I've tried using Ceva's Theorem here but it doesn't work since we don't know if the tangent passes through the center of the third circle if all the circles are of different sizes.

How else can I proceed?

Thanks.


The radical axis is the locus of all points on the plane that have the same power with respect to the 2 circles in question, i.e. the length of the tangent to both circles from any point on this line is the same.

It is know that for any 2 non-concentric (sharing a center) that are tangent to each other, the shared tangent is the radical axis.

Thus it can be shown that for any 3 circles, the 3 tangents formed will always be concurrent. The proof is as follows:

Let $w_1$,$w_2$ and $w_3$ be the 3 circles that are tangent to each other. We can assume that none of them share a center as it would be the same as 2 circles being tangent.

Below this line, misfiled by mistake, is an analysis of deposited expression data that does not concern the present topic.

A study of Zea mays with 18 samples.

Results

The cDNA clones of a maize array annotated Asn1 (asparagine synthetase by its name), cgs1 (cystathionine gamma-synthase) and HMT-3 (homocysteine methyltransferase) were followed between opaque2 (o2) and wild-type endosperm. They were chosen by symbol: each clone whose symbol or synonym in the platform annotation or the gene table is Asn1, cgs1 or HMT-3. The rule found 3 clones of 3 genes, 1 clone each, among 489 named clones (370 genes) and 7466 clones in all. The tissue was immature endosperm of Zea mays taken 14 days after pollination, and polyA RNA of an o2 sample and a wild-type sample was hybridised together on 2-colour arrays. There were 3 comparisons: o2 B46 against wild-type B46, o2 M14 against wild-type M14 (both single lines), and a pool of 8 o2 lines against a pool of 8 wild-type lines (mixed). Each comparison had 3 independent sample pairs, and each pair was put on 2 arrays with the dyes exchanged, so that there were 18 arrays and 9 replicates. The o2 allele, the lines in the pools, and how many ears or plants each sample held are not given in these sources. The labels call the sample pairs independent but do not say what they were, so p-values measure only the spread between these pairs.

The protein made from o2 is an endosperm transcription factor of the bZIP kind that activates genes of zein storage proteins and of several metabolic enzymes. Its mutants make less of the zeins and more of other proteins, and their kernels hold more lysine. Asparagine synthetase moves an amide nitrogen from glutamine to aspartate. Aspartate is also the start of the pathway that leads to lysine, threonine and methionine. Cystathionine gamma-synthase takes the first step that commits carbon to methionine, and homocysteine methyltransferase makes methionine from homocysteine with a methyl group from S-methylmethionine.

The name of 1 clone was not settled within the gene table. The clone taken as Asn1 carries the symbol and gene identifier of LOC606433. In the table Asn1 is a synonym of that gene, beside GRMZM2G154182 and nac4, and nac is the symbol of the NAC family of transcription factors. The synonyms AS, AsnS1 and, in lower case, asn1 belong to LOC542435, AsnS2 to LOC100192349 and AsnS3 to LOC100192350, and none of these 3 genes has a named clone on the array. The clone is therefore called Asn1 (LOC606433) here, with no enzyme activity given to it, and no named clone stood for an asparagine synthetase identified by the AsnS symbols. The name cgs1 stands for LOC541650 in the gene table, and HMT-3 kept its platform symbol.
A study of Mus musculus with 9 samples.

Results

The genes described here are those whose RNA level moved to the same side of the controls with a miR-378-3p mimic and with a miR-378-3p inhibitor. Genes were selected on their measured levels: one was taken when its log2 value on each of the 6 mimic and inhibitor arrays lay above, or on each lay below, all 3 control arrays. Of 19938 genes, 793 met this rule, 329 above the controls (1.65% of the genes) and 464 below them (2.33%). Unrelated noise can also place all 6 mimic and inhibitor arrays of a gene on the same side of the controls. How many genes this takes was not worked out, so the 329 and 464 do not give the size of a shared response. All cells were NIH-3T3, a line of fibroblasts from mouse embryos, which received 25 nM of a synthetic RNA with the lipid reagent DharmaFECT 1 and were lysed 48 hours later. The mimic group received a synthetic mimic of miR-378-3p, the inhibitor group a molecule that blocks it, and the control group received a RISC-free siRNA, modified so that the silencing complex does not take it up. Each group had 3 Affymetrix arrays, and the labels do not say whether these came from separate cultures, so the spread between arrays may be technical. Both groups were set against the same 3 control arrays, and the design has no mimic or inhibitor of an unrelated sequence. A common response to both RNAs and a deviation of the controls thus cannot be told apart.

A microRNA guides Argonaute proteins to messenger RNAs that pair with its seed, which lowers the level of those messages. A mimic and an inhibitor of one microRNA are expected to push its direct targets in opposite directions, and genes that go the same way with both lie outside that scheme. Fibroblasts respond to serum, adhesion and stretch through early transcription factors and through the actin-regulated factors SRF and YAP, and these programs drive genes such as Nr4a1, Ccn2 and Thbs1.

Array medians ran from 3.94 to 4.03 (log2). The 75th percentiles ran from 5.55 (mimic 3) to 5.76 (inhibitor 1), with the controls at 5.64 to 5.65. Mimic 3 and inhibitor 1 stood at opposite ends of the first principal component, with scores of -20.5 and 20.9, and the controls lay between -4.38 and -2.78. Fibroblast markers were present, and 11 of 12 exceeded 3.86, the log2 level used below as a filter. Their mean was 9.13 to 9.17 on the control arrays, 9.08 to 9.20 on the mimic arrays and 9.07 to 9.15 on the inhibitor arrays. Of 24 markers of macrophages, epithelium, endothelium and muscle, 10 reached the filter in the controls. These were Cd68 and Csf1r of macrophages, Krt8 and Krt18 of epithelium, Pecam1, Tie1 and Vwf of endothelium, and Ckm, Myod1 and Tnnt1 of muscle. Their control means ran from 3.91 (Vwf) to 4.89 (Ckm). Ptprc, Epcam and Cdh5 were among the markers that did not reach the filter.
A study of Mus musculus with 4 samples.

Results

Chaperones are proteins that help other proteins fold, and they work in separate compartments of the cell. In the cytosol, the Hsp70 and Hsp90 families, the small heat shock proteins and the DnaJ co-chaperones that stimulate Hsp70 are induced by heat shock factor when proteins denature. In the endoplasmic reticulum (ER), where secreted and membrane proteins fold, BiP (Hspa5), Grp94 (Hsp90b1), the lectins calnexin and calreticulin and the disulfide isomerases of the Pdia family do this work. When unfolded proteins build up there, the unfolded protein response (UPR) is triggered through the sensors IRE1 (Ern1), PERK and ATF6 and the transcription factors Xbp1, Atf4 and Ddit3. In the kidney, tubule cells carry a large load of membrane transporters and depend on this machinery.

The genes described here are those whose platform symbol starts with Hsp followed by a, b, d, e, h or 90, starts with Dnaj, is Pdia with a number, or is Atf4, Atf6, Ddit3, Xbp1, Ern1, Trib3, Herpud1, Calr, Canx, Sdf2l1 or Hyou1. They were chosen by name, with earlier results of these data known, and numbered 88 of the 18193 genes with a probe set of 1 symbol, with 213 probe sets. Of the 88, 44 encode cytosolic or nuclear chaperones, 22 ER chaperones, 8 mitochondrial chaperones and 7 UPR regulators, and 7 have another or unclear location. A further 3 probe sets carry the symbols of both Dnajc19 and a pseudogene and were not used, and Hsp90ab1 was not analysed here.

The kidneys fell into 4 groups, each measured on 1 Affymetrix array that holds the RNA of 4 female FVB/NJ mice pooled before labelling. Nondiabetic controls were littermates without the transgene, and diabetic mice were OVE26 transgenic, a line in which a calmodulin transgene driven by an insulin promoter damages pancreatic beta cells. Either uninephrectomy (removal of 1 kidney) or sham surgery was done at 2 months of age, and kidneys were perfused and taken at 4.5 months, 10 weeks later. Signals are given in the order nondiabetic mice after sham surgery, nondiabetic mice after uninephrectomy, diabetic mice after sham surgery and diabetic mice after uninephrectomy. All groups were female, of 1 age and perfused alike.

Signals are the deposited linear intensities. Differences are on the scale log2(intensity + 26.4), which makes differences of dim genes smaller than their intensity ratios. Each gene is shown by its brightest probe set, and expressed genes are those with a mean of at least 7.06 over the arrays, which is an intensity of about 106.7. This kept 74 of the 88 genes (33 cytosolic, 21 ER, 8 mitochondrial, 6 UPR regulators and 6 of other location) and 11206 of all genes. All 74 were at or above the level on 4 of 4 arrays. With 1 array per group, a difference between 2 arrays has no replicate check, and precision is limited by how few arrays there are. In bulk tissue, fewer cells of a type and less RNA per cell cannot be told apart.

We know that for any point $P$ on the radical axis of $w_1$ and $w_2$, the power of P with respect to $w_1$ and $w_2$ is the same.

We also know that for any point $P$ on the radical axis of $w_2$ and $w_3$, the power of P with respect to $w_2$ and $w_3$ is the same.

Since the 2 lines must intersect (they cannot be parallel as this would imply that either they are not tangent to each other or at least 2 of them are identical and concentric), the point where the 2 radical axes meet has the same power with respect to $w_1$,$w_2$ and $w_3$. This implies that it must also be on the radical axis of $w_1$ and $w_3$. Therefore, this point is where the 3 tangents are concurrent.